Liberia’s Future Is Bright

The Liberian President said in the interest of creating a free, fair and open Liberian society, she has striven to have an inclusive government; one that is courageous enough to include people from all parties, all counties, and all religions, even those who have maligned her. She said this is in line with her policy to create an environment where all Liberians are assured of their right to own and enjoy the benefits of their homeland.
According to a dispatch from Abuja, Nigeria, President Sirleaf spoke on Thursday February 27, 2014 at a one day summit organized by Nigerian President Goodluck Ebele Jonathan. The summit is one of several occasions in commemoration of Nigeria’s Centenary Celebration of its Amalgamation, an occasion that took place on the 28th.
President Sirleaf was invited to make a presentation on:  “Human Security and National Reconciliation: The Liberian Experience.”
In her presentation, President Sirleaf told her audience that Liberia’s peace and prosperity is intertwined with that of all African countries, particularly those in the West African sub-region. She indicated that this is why Liberians applaud the tremendous effort Nigeria is making to contain its internal conflict, and— through significant contribution— the conflict in several other nations in the region.
She said central to the provision of human security and national reconciliation is transparency in the utility of the country’s natural and God-given resources. To this end, she said Liberia signed on to the Extractive Industry Transparency Initiative (EITI) and partnered with Resource Watch to improve transparency and accountability in mining, agriculture, forestry and nascent oil sectors, going beyond the required to include forestry and agriculture to ensure that revenues generated from the natural resources can bring more benefits to all citizens.
According to the Liberian leader, also central to national reconciliation in Liberia is the National “Palava Hut” Program.  The National Palava Hut program is based off the Gacaca in Rwanda, and serves as a traditional and cultural conflict resolution mechanism in rural Liberia. It was launched in October last year.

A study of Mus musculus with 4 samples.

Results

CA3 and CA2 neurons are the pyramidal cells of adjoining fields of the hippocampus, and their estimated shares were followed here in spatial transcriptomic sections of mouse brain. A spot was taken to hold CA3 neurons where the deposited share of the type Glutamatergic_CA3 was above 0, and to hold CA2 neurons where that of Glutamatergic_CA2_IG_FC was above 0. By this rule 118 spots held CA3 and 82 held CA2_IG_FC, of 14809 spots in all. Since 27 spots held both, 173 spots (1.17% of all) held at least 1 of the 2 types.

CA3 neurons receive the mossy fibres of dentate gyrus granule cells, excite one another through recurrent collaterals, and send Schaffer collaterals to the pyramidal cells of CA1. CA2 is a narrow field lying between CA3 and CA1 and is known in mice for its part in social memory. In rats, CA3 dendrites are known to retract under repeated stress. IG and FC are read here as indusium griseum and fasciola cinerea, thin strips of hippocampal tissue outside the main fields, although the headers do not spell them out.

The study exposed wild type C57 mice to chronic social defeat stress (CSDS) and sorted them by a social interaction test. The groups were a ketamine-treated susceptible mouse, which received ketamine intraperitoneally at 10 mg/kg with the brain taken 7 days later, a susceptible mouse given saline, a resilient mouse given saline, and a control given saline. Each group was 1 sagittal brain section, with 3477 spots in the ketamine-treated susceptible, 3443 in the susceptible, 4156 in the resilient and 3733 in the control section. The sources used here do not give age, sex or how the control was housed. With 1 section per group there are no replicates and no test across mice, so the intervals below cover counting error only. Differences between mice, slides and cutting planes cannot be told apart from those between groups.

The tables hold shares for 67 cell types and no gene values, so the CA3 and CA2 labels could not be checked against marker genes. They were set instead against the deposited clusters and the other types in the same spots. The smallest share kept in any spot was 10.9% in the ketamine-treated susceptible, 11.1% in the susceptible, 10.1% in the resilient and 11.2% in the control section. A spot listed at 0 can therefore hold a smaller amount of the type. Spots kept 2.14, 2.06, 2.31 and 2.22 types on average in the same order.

She said Palava Hut Talks, in the form of community-based truth-telling, atonement and psychological recovery, provide victims and perpetrators a safe space to tell their stories and seek means of fostering national peace and reconciliation. She noted that an Independent National Commission on Human Rights is overseeing the process and coordinating its activities.
“We have challenged the commission, traditional and religious leaders, the Liberian Council of Churches, the Muslim Council, political parties, civil society and all Liberians to fully participate and support the National Palava Hut Program, in order to ensure lasting peace and harmony,” President Sirleaf said.
On the continental front, the President said Africa ranks high on the perception ladder of potentially successful transformation made possible by the support of our regional institutions and underpinned by the African Union, which continues to place peace and security as top priorities.
She observed that the winds of solidarity, cooperation and the pursuit of integration blow strong among all African nations. She said if this continued, perhaps the dream of Ghana’s Kwame Nkrumah for political union would finally come true.  
In addition to a keynote address by President Jonathan setting out the human security and development agenda for Africa in the 21st century, the Summit heard goodwill messages by visiting Heads of State, Government and Heads of Delegations.
Explaining the conference, Nigerian officials pointed out that the commitment and contributions of Nigeria to peace in Africa and around the world are widely acknowledged. It is in that spirit that the country seized the opportunity of the centenary celebrations to hold a one-day summit-level international conference.
The conference also sought to reaffirm Nigeria’s and Africa’s commitment to global human security, peace and development; to highlight and seek support for a continental and global agenda for peace and human security for the 21st century.